A Place To Stand
For better or for worse, all eyes are on Youth Code right now, and have been for a while. I don’t mean to jump into hyperbole right out of the gate, but it’s damn hard to sit down to spin A Place To Stand without positioning oneself within the pressure cooker that’s been built around Sara Taylor and Ryan George’s raw EBM band from LA. For every concert goer or blogger (hey there) won over by their early shows or demos, there were a nearly equal number of skeptics who dismissed Youth Code as being derivative of older acts (though none could seem to agree on which bands those might be) or for not providing sufficient documentation of their scene pedigree. All of this sound and fury seemingly reached its apotheosis with the release of their debut, which conveniently tended to reinforce entrenched positions (“See? I told you they fucking rule.” “See? I told you they just sound like Ebb.”). The latter camp won’t have the same respite in the case of the A Place To Stand EP. Though containing just four fully new tracks, it quickly sights Taylor and George taking large and unmistakable moves forward while simultaneously refining the source of their original appeal: their brutal, unapologetic honesty and passion.
I say all of this to get the back story out of the way. Yes, a broader context has to framed in the case of a band generating the heat which Youth Code has, but it’d be folly for anyone to weigh in on A Place To Stand without addressing the two shifts it portends for Youth Code from here on out. Firstly, while still as clanging and grinding, there’s no question that the production on A Place To Stand is far cleaner and more in focus than on earlier tunes. True, a big part of the immediate appeal of YC’s demo cassette was its “holy shit, it’s dubbed off a four-track over a phone” grit, but from the moment the chorus of opener “Consuming Guilt” slams from EBM bounce into a controlled, mid-tempo staccato blast, almost black metal in its rhythm, it’s clear that we’re being treated to a more granular document of vitriol, not a high-gloss substitute. I’ll hold off on speculating about the role of producer Joshua Eustis of Telafon Tel Aviv (who earned our love for the shimmering melancholy of Immolate Yourself) in the location of this sound, but even A Place To Stand‘s “softest” moments – the pads which sit underneath “For I Am Cursed”‘s echoing stabs – have their roots in the earliest versions of “Keep Falling Apart”. Rest assured that this is still very much the product of the Youth Code of 2012: you can just taste the blood much more sharply.
The other development A Place To Stand heralds has to be the emergence of Taylor not just as a more developed vocalist (and in fact sole vocalist) but as a full-fledged frontwoman, capable of completely commanding the listener’s attention amidst the firestorm of “Consuming Guilt” and the stuttering “To Burn Your World”. Lyrically, things are walking a line which speaks to Taylor’s roots in both hardcore and industrial, as in the case of the personal excoriation of “For I Am Cursed”, but the last of the new tracks might be the most revealing. Dropping her characteristic rasp, on “A Litany (A Place To Stand)” Taylor recites a manifesto which is both disgusted and utopian in an unflinching voice: “The world we exist in denies us the right to exist happily”. This is a break-out move, and thankfully Taylor has plenty to say.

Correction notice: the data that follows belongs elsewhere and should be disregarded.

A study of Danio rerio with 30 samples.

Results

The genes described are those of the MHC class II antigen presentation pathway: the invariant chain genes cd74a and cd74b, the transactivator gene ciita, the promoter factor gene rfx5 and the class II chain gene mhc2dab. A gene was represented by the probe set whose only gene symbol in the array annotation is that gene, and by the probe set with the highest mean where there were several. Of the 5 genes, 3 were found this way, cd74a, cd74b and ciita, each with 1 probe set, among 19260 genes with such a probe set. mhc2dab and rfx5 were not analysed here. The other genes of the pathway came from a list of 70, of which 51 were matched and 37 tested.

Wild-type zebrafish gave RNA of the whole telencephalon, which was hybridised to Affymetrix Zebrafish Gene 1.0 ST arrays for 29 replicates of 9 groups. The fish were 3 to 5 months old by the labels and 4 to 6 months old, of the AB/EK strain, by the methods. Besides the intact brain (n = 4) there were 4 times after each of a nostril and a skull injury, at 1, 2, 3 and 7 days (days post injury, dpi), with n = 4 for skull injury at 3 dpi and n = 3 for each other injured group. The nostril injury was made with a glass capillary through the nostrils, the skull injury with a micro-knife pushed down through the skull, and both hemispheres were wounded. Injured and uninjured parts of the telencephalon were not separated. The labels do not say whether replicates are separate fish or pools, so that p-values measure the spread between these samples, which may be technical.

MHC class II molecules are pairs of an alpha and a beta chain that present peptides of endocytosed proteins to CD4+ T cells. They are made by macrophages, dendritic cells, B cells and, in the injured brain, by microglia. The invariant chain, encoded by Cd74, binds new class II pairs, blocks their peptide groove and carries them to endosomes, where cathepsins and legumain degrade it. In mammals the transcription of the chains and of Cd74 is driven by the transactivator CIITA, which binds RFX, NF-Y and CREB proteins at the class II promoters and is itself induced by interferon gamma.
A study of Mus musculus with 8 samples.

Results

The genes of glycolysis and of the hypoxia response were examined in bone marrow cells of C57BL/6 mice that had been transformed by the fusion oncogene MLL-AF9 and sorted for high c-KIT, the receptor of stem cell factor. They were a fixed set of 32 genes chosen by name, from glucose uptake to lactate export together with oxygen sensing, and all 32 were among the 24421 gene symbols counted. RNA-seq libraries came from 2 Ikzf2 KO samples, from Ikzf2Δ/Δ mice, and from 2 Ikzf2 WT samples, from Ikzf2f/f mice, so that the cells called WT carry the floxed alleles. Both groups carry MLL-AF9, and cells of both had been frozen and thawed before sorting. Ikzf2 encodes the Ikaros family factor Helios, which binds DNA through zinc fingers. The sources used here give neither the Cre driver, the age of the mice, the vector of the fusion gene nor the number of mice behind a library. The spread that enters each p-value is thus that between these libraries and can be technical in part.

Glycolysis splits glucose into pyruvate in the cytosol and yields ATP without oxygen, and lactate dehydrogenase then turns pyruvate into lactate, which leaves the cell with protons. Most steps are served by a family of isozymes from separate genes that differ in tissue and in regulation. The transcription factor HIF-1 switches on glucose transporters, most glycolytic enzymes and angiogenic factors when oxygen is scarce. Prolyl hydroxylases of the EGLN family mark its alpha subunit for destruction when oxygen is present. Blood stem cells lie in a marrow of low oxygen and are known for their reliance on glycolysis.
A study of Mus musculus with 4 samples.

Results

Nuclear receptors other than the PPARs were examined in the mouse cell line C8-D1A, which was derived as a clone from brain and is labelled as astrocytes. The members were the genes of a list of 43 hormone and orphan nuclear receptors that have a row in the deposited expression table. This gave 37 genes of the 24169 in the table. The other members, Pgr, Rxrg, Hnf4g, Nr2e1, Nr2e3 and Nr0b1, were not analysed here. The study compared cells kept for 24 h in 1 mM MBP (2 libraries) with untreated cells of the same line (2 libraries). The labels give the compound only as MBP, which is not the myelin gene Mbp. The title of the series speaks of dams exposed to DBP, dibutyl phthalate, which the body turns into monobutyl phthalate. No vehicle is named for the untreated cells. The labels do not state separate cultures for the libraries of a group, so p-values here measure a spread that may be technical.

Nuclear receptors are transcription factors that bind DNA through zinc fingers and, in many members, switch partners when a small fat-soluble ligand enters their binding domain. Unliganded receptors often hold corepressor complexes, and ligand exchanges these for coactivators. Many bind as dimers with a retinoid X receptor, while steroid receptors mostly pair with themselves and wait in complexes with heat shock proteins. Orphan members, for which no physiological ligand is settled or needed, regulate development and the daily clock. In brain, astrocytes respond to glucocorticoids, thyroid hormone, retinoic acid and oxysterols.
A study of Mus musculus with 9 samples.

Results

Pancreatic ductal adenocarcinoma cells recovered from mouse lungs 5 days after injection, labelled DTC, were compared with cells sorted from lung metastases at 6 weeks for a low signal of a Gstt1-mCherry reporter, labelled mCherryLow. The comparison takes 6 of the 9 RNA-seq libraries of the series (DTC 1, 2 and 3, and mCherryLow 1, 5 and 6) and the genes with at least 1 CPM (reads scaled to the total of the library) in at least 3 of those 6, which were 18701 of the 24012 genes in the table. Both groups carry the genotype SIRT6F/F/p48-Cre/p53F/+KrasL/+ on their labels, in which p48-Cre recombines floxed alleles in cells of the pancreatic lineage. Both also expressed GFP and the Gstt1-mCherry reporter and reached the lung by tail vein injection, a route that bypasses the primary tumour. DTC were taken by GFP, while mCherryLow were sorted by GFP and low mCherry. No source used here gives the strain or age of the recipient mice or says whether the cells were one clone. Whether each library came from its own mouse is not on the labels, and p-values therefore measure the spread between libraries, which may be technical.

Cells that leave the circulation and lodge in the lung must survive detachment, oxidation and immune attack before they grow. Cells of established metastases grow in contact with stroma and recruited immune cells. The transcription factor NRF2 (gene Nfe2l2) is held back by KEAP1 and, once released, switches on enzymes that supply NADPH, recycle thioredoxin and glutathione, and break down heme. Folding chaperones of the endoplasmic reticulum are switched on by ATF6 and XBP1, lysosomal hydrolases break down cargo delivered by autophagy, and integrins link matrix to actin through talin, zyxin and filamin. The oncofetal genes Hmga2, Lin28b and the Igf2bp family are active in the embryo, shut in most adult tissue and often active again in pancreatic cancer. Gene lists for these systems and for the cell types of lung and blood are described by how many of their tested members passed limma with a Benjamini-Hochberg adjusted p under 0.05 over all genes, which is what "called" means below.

Your attitude towards the remixes of tunes from last year’s LP which sit on the EP’s flip side will likely be dependent on how closely you’ve been tracking Youth Code and to what end. Personally, I found them mostly interesting as diagnostic and orienting tools: charting not only the differences between the source material and A Place To Stand, but also of the genres and producers sitting within reach of Youth Code at this point in their career. We have a smothered industrial techno outing from sludge maven Sanford Parker, verses from experimental hip-hop buzz act Clipping, punchy triplets from aggrotech stalwarts God Module, and (my personal favourite) Silent Servant slanting heavily to his electro side. None of these acts exist precisely within the sphere of “old-school” EBM Youth Code are so often tagged with, but their selection speaks volumes as to how Youth Code see themselves fitting (or not fitting) within that world, and the ends to which they see their aesthetic being turned.
Seconds after Youth Code finished their set at Cold Waves this past weekend, one of the other performers (Matt Fanale of Caustic) confidently stated “that oughta shut a lot of people up”. As I said earlier, for a brief while it was possible to simply reflect one’s own evaluation of the new surge of industrial acts coming from unexpected corners back upon Youth Code, making them a convenient sounding board. The band’s current live presentation and the new brand of punishment on display on A Place To Stand should give pause to all but those with the most dogged of axes to grind. Youth Code here stand fully formed, resolutely defiant, and utterly necessary. Dismiss them at your own peril.